Why the FDA’s ‘fast track’ approval process may be hindering cancer therapy around the world

When it comes to cancer drugs, the US Food and Drug Administration is willing to go where other regulators are not.

A new study found that the FDA has granted accelerated review and approval to dozens of cancer drugs that were either not reviewed or denied authorisation by NICE and/or the European Medicines Agency (EMA), usually due to a lack of strong efficacy data or cost-effectiveness.

“The accelerated approval process was developed to facilitate the approval of drugs that address unmet medical needs by allowing regulatory approval based on unvalidated surrogate measures,” wrote study authors led by Avi Cherla, of the London School of Economics and Political Science, in JAMA Internal Medicine. Those surrogate endpoints, such as tumour response or progression-free survival (PFS), are not as often used in NICE and EMA approvals.

Between 1992 and 2017, the FDA used the accelerated process to approve 93 cancer drug indications; six of those were withdrawn, leaving 87 such indications on the market.

A total of 73 of those indications were reviewed by the EMA, and five were denied authorisation. Of the 68 indications granted by the EMA, 11 were not reviewed by NICE and five are currently undergoing review. In total, 45 of the drug indications were recommended by NICE for NHS coverage.

The reasons given by NICE and EMA for either not reviewing or not recommending the drugs in question tended to focus on a lack of efficacy data and poor cost-effectiveness. For example, carfilzomib was authorised by the FDA and EMA for treatment of multiple myeloma based on response rate and PFS, but NICE did not recommend its authorisation because overall survival data were immature and the cost per quality-adjusted life-year was “likely to be substantially >£41,429.”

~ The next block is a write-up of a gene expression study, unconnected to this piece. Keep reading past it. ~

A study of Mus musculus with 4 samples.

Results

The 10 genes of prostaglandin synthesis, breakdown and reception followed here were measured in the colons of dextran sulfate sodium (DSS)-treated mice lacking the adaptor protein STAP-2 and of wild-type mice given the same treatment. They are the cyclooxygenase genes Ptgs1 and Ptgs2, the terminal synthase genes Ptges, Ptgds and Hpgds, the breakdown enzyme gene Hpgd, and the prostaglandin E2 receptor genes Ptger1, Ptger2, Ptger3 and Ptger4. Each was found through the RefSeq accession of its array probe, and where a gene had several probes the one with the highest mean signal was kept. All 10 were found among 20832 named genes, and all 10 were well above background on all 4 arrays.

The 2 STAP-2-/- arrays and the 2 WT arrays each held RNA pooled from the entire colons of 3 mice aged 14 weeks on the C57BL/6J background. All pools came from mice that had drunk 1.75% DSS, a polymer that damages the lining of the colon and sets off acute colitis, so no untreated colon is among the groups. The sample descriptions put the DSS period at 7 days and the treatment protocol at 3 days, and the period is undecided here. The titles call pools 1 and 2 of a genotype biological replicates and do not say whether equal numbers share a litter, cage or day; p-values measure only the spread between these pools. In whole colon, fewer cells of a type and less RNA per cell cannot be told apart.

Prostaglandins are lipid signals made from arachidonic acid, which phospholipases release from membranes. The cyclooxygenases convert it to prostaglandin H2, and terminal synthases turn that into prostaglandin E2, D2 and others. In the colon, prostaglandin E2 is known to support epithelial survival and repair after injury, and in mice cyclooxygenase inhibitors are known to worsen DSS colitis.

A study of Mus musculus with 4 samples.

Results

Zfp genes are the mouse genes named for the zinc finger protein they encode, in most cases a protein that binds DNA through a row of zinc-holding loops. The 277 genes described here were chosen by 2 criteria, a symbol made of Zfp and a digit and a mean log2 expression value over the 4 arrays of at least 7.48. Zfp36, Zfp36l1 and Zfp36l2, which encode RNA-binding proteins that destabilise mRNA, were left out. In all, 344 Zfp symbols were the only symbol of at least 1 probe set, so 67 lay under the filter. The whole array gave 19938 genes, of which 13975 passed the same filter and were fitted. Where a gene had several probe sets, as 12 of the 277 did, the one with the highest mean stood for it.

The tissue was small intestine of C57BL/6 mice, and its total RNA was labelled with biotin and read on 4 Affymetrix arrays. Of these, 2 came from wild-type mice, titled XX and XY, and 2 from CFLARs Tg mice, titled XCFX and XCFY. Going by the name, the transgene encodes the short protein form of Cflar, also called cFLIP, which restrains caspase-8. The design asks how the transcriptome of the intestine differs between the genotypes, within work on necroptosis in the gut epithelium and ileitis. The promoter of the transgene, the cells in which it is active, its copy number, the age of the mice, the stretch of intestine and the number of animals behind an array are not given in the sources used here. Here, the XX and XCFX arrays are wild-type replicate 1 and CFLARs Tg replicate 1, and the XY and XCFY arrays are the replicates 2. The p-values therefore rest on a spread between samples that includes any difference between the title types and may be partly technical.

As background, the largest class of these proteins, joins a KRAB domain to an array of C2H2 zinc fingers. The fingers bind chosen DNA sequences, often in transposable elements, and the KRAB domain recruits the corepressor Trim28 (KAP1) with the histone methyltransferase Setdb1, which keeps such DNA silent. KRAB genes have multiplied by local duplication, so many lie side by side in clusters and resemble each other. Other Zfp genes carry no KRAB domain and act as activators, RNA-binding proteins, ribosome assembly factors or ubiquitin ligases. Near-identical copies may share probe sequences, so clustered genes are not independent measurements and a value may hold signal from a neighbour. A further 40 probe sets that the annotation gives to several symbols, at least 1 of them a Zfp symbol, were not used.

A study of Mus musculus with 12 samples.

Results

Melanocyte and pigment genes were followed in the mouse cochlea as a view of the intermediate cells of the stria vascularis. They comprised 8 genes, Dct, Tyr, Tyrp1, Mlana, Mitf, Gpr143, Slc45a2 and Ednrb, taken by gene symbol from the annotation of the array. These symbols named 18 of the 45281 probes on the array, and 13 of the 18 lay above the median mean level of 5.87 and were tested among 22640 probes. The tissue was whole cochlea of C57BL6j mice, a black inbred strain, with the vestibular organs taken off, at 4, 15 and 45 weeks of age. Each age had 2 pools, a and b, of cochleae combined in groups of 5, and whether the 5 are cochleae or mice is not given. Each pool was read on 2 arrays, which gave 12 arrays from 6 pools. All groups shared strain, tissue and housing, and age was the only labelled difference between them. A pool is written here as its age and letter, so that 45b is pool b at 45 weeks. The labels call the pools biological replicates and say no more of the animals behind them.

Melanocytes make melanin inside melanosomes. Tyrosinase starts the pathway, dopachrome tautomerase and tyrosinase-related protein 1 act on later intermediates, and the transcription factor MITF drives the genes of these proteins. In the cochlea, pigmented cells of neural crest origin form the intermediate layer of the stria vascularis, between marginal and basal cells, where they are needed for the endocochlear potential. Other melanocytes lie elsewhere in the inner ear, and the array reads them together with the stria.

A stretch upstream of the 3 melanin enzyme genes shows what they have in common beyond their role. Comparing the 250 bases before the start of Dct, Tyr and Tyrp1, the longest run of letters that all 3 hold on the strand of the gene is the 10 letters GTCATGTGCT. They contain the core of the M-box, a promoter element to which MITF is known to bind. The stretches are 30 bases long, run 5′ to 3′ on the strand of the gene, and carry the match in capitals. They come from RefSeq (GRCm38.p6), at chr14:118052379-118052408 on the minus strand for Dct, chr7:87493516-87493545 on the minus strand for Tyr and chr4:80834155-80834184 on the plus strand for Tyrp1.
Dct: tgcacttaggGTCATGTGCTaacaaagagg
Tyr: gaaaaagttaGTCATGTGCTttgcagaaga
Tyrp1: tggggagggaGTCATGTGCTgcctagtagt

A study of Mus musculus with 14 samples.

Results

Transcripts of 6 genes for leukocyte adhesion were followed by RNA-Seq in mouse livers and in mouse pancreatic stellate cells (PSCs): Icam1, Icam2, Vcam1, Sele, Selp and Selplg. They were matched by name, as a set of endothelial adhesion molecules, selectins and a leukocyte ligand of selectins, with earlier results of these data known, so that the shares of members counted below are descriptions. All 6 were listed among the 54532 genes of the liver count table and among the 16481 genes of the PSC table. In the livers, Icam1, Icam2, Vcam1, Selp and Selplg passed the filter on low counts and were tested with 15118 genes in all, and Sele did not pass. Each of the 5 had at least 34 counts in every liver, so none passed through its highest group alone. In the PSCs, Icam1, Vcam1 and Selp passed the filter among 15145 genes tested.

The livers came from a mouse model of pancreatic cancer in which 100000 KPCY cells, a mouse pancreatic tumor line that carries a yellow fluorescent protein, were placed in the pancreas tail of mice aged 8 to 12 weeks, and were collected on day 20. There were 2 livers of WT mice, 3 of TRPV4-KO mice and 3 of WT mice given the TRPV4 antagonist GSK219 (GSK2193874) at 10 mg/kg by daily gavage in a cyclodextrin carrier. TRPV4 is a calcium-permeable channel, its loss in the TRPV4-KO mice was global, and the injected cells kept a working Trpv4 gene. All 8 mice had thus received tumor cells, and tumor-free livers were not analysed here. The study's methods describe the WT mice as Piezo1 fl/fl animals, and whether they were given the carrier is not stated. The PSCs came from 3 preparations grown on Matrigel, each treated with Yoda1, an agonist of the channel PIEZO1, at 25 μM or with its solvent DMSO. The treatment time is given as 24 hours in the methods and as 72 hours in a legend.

In the US, cost-effectiveness is not routinely considered in approvals, and Medicare has no ability to negotiate prices with drug companies. Most of the drugs from this study that NICE did approve were contingent on the negotiation of additional confidential discounts or imposition of restricted indications.

It may seem as though other countries are simply being more cautious in their approach to cancer drug approvals and the FDA’s looser efforts would be confined to the US market, but there is likely an external effect of those accelerated approvals.

“The US approach provides little downward market pressure and works to keep drug prices high,” wrote Dr Vinay Prasad and Dr Myung Kim, of the University of California, San Francisco and the Oregon Health and Science University, respectively, in an accompanying editorial. “High prices make the US the most valuable market for new drugs, which in turn leads to global development of drugs with marginal or unproven benefit and little focus on cost-effectiveness.”

The attempt to bring cancer drugs to market faster in the US, though well-intentioned, has led to development and approval of many expensive drugs with substantial uncertainty regarding their actual benefit. As a result, other high-income nations either delay or deny those medications, due to the lack of solid efficacy and value data.

“The lack of information regarding clinical end points, a consequence of the low US regulatory bar, makes it more difficult for other countries to obtain the evidence they need to justify coverage,” Drs Prasad and Kim wrote. “It is hard to not view the entire global cancer drug ecosystem as broken.”